Smartphones, social media transforming Hajj experience

Smartphones, social media transforming Hajj experience
Hajj pilgrims take a selfie with Saudi security official in Mina on Friday. (AN photo by Saad Enezi)
Updated 02 September 2017

Smartphones, social media transforming Hajj experience

Smartphones, social media transforming Hajj experience

JEDDAH: Many years ago, the journey to perform Hajj was long and difficult, during which pilgrims would be unable to communicate with their loved ones. But the development of means of communication has enabled pilgrims to not only stay in touch with their families but also with the whole world.
They can now film and photograph their experiences and themselves on mobile phones, and disseminate footage and photos via social media, which is now full of pilgrim selfies, particularly at the holy sites.
In the age of smartphones, social media and live video streaming, it's now also an experience to be shared in real time.
Across the holy city, pilgrims from around the world can be seen with their arms extended, showing off their surroundings to friends and family back home.
But as widespread and accepted as this phenomenon is, some say it deviates from the main goal of the pilgrimage, which is to communicate with God.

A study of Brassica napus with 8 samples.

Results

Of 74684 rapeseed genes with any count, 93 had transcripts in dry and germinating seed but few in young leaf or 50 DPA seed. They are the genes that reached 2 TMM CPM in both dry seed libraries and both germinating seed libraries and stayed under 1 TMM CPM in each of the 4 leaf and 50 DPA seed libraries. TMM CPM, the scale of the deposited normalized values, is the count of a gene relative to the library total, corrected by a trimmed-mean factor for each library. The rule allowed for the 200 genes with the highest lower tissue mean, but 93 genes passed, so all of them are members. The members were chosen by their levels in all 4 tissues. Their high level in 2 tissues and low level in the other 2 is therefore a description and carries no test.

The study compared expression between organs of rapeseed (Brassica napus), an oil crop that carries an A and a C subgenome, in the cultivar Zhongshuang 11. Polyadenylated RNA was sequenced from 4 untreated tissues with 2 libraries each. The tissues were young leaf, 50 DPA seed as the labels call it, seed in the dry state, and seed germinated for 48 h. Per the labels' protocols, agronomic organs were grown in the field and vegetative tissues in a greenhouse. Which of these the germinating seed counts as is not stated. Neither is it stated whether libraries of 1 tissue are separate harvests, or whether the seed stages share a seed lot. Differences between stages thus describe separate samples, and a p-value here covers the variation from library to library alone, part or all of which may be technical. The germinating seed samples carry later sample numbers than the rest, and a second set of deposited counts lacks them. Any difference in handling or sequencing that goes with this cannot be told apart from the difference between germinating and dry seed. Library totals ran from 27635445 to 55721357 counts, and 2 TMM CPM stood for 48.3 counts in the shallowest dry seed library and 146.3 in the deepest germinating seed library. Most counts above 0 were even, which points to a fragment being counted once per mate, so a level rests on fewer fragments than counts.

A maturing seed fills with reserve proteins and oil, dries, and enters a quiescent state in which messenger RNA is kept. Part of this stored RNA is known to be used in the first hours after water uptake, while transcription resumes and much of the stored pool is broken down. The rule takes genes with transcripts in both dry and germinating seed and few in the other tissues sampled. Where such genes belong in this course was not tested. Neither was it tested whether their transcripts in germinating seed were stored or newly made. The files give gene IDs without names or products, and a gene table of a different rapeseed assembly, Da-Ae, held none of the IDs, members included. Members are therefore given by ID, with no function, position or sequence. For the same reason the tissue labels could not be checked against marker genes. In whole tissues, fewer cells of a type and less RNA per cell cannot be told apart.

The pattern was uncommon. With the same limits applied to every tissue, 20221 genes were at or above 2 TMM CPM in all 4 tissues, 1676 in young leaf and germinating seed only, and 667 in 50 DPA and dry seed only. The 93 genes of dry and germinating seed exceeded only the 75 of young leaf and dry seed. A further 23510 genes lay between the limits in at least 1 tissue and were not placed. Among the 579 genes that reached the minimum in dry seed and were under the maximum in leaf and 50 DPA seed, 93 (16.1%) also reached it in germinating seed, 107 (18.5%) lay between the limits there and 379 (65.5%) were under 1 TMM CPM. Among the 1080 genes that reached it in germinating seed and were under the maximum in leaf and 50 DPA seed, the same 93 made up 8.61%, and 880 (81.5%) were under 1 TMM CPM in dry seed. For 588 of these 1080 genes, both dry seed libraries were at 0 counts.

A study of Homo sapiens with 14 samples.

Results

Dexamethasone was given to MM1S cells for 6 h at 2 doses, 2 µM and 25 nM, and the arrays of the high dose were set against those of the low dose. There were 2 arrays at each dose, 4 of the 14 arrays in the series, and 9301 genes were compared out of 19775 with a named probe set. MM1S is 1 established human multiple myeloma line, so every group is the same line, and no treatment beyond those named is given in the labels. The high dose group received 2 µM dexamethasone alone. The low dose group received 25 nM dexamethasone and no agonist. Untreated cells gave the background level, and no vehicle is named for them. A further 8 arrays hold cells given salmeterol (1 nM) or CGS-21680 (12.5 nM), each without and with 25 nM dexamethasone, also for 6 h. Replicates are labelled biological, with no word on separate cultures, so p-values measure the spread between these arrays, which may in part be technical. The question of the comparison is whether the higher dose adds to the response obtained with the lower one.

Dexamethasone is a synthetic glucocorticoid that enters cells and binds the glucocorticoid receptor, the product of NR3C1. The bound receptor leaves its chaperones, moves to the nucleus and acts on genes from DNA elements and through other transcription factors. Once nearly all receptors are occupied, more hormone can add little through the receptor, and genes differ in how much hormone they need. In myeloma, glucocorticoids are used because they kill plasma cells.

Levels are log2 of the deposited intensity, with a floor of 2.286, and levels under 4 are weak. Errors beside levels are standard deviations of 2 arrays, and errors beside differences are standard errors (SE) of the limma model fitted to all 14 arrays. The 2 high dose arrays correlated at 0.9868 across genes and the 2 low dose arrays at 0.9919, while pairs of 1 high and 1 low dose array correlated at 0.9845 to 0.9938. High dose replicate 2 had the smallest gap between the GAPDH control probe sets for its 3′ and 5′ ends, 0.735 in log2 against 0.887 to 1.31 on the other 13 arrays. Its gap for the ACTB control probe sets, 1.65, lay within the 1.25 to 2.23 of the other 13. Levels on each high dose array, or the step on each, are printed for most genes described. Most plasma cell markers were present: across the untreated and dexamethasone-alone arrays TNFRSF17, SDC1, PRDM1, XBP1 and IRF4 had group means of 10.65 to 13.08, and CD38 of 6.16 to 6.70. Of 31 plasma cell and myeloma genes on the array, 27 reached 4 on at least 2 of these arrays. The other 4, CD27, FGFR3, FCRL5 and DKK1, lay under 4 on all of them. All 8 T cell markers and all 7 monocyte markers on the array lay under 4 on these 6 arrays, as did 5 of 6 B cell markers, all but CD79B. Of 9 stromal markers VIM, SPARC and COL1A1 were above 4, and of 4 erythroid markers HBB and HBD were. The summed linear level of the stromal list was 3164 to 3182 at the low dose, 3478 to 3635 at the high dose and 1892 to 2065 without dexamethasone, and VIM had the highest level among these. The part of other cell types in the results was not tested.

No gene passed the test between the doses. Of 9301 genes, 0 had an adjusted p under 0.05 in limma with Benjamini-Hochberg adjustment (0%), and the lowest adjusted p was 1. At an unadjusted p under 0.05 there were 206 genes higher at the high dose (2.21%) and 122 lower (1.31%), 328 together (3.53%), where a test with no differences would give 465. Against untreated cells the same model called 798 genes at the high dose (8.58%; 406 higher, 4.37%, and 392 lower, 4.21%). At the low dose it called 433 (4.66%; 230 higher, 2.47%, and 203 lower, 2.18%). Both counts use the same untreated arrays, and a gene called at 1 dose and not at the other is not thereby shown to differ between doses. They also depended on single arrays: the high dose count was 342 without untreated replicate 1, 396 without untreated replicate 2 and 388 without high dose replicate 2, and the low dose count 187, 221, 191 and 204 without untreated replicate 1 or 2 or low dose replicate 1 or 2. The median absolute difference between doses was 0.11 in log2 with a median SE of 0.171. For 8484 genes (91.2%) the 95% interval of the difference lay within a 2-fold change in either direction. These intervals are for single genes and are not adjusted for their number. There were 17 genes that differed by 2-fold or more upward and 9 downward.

“It has angered a number of clerics and conservatives, claiming it may stop pilgrims from being preoccupied with worship in the most holy places of God,” said Sudanese pilgrim Mohammed Fadl Allah.
But Egyptian pilgrim Maryam El-Sayed said: “It is an opportunity to share Hajj feelings and motivate friends and family. There is a difference between those who take pictures to celebrate Hajj and share it with friends, and those who spend a lot of time on social media chatting with friends.”
Egyptian pilgrim Mohammed Nassar said Snapchat is his favorite app to communicate with relatives. “I share images of the holy places with relatives, who demand further pictures. All Islamic countries are attracted to the pilgrimage and holy places,” he said.
Saudi pilgrim Abdullah Al-Khorayf said such apps have contributed significantly to delivering a positive image of Islam and Muslims, especially during the holy month of Ramadan and the Hajj season.
“Pilgrims and worshippers share pictures and video clips of the rituals of prayer, fasting and Tawaf around the Kaaba,” he said.
“These pictures convey to non-Muslims different images of Muslims. They reveal the interconnection and unity of believers.”
Travel agencies in charge of organizing trips to the Hajj are now offering packages that include mobile Internet so they can avoid roaming fees, according to AFP.
For the faithful it is a deeply spiritual journey, which for centuries every capable Muslim has been required to make at least once in their lifetime.